Marian Rejewski, Jerzy Rozycki, Henryk Zygalski and other cryptoanalysts from BS4, broke into Kriegsmarine code in November 1932. Fully decrypted Enigma texts were read by BS4 since mid January 1933. During Roehm's Putsch in June 1934 Enigma messages were read within minutes from their interception. During two weeks long cryptographic exercises organized at BS4 in January 1938 up to 75 percent of secret German communication was decrypted within hours from interception.
The Baku region of Azerbaijan was especially known for gushers, which the Russians called spouters and fountains. In fact, the practice of letting wells flow unchecked was encouraged, as it was realized that when the flow of a spouter was restrained, production went up in competing wells on neighboring leases. Thus, when flow from a spouter dropped, the competition got more oil and the spouter got less. However, when a spouter flooded the countryside in oil and buried it in sand, the owners…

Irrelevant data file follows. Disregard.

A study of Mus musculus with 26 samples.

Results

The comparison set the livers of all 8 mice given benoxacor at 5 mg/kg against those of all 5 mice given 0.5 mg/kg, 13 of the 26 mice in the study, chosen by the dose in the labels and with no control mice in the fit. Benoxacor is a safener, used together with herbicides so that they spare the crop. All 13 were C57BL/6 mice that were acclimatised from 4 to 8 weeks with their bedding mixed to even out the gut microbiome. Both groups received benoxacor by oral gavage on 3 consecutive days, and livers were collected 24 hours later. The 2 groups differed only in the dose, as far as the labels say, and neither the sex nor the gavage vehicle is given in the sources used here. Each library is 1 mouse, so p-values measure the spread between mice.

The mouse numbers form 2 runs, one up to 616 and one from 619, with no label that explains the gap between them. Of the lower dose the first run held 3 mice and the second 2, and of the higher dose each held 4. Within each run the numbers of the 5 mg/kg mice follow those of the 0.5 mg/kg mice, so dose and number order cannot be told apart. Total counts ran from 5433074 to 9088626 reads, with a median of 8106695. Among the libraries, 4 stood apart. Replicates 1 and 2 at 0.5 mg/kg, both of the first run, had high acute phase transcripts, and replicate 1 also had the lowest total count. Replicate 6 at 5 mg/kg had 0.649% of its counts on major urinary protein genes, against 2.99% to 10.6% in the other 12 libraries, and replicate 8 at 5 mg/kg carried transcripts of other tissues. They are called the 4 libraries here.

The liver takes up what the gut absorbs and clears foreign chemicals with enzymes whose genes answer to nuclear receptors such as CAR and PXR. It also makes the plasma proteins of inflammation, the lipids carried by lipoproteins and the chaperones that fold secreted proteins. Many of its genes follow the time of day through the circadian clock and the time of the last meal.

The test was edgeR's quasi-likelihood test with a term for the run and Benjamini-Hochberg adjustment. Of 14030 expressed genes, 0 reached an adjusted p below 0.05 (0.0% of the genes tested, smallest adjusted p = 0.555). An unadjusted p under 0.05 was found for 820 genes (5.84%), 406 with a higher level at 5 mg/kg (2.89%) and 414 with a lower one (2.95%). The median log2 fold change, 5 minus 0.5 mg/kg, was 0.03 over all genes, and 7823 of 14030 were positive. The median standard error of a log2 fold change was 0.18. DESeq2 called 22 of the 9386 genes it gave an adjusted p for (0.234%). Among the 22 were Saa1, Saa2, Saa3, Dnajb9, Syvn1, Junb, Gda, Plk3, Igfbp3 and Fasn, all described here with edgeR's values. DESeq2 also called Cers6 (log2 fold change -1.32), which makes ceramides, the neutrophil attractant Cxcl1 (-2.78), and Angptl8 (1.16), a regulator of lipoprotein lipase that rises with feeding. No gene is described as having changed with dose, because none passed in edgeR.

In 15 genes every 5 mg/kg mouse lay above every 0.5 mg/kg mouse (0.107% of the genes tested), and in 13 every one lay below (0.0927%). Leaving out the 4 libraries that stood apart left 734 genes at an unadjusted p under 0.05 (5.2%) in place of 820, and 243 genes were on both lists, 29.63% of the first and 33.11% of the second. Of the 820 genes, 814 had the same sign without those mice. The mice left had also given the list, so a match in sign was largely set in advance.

Guglielmo Marconi (1874–1937), was an Italian inventor, known for his pioneering work on long distance radio transmission and for his development of Marconi's law and a radio telegraph system. Marconi is often credited as the inventor of radio, and he shared the 1909 Nobel Prize in Physics with Karl Ferdinand Braun "in recognition of their contributions to the development of wireless telegraphy".
Shallow pits were dug at the Baku seeps in ancient times to facilitate collecting oil, and hand-dug holes up to 35 meters (115 feet) deep were in use by 1594. These holes were essentially oil wells, which makes Baku the first true field. Apparently 116 of these wells in 1830 produced 3,840 metric tons (about 710 to 720 barrels) of oil.
Jerzy Kukuczka (24 March 1948 – 24 October 1989), born in Katowice, Poland, On 18 September 1987, he became the second man, after Reinhold Messner, to climb all fourteen eight-thousanders in the world. He was also the first man to climb three of the fourteen in winter. Kukuczka died attempting to climb the unclimbed South Face of Lhotse in Nepal on 24 October 1989. Leading a pitch at an altitude of about 8,200 meters on a 6 mm secondhand rope he had picked up in a market in Kathmandu.